New Jersey lawmakers propose legislation to ban paper bags

New Jersey’s Assembly Appropriations Committee advanced a bill that would ban single-use carryout bags and containers, including plastic and paper bags, polystyrene products. New Jersey Senate-Assembly Bill 1978 is sponsored by New Jersey Reps. Nancy Pinkin, James Kennedy, and John McKeon. The lawmakers first introduced the legislation Jan. 14, and it is currently with the state’s Assembly Appropriations Committee as of this month.

According to the bill, fines for violations can range up to $5,000. The bill would also create a Plastics Advisory Council to monitor the bill’s compliance.

However, opposition to the paper-bag ban portion of this proposed legislation, including from the Washington-based American Forest & Paper Association (AF&PA), has emerged. Abigail Sztein, director of governmental affairs at AF&PA, says the proposed legislation is the first in the U.S. to try to ban paper bags.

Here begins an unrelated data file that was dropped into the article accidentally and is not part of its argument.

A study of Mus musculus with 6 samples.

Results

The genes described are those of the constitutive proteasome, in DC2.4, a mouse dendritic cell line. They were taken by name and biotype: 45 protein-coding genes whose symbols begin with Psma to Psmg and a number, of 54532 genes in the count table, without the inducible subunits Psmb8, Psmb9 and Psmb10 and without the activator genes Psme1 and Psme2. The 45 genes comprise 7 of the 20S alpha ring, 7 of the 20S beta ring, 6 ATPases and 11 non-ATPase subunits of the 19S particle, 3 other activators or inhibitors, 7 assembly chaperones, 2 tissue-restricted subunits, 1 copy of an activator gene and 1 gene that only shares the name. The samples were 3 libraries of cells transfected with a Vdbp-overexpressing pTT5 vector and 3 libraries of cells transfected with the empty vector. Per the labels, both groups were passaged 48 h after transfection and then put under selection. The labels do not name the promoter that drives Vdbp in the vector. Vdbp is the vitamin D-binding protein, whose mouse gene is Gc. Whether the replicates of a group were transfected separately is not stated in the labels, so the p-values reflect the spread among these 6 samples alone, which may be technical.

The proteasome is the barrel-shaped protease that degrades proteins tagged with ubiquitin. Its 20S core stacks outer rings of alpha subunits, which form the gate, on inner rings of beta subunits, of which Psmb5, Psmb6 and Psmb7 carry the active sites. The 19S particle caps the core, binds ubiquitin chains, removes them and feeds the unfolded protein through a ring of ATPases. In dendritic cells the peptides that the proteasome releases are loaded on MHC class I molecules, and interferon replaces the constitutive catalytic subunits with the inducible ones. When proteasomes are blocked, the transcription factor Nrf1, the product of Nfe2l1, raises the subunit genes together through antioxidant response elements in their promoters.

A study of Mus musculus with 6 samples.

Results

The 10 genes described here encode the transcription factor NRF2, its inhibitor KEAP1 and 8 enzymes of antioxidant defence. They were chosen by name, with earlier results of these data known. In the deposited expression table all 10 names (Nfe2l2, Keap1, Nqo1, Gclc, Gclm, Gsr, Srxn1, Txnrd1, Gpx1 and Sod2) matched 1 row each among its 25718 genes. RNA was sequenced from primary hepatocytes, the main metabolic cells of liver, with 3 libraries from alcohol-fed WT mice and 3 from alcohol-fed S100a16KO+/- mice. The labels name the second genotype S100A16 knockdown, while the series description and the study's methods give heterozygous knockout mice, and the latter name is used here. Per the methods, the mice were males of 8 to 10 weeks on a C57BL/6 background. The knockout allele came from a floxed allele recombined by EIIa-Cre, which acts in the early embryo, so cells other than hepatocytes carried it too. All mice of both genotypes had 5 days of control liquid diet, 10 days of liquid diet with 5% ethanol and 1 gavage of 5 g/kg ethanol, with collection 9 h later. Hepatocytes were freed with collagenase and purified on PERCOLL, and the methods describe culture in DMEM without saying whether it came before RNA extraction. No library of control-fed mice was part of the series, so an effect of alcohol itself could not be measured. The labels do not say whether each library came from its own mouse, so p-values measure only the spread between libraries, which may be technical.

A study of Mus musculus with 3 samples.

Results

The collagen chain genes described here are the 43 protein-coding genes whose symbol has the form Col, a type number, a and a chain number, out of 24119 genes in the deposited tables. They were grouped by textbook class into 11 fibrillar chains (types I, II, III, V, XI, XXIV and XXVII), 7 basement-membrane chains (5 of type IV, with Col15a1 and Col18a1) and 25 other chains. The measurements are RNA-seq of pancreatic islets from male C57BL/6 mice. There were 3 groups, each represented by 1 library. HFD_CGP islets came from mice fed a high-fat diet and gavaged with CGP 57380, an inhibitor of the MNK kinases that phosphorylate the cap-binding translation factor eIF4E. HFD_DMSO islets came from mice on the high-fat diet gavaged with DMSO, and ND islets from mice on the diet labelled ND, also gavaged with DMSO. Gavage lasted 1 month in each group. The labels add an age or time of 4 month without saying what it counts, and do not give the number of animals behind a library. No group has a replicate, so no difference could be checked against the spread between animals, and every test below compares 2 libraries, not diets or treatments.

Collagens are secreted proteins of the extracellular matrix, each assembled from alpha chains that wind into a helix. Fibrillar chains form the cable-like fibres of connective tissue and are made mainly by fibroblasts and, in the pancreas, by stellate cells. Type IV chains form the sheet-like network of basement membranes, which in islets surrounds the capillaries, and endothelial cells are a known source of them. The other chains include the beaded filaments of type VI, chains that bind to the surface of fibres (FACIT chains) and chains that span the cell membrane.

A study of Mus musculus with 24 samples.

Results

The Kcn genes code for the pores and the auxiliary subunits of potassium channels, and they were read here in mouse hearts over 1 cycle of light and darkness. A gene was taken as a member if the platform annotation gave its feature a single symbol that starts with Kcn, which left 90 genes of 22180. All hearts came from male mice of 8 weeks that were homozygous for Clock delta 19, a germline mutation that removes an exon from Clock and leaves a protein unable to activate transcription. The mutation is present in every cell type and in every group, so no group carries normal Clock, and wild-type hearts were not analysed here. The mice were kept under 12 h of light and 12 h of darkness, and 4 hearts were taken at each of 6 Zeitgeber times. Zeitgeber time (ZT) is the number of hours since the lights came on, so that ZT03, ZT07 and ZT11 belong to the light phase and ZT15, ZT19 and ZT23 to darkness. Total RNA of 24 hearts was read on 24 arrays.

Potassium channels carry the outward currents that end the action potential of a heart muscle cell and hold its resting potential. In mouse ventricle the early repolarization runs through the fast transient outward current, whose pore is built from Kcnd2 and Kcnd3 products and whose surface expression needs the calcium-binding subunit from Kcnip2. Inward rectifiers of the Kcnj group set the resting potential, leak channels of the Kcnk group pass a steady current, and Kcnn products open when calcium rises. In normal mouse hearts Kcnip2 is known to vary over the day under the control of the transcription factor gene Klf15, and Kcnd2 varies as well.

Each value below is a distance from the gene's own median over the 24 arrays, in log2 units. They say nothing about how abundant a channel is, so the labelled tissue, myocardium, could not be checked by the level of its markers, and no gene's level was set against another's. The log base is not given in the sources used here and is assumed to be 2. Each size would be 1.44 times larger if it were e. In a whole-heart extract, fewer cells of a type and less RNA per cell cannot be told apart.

“The American Forest & Paper Association opposes bans on paper products,” she says. “Consumers need a safe packaging option to protect their essential purchases from damage and contamination. Paper bags are a clean, hygienic, and convenient choice to meet those needs while also being recyclable, reusable, and compostable.

“The forest products industry in the Garden State supports more than 13,000 individuals at 156 facilities,” she adds. “Banning paper bags in the state would send an alarming message about family-wage jobs, which are often union labor, in addition to indirect jobs supported by the industry. Furthermore, paper bags are locally produced, sustainable and the only grocery bag that New Jersey consumers can recycle at home in their curbside bin. … Banning paper bags as part of this legislation is a solution in search of a problem.”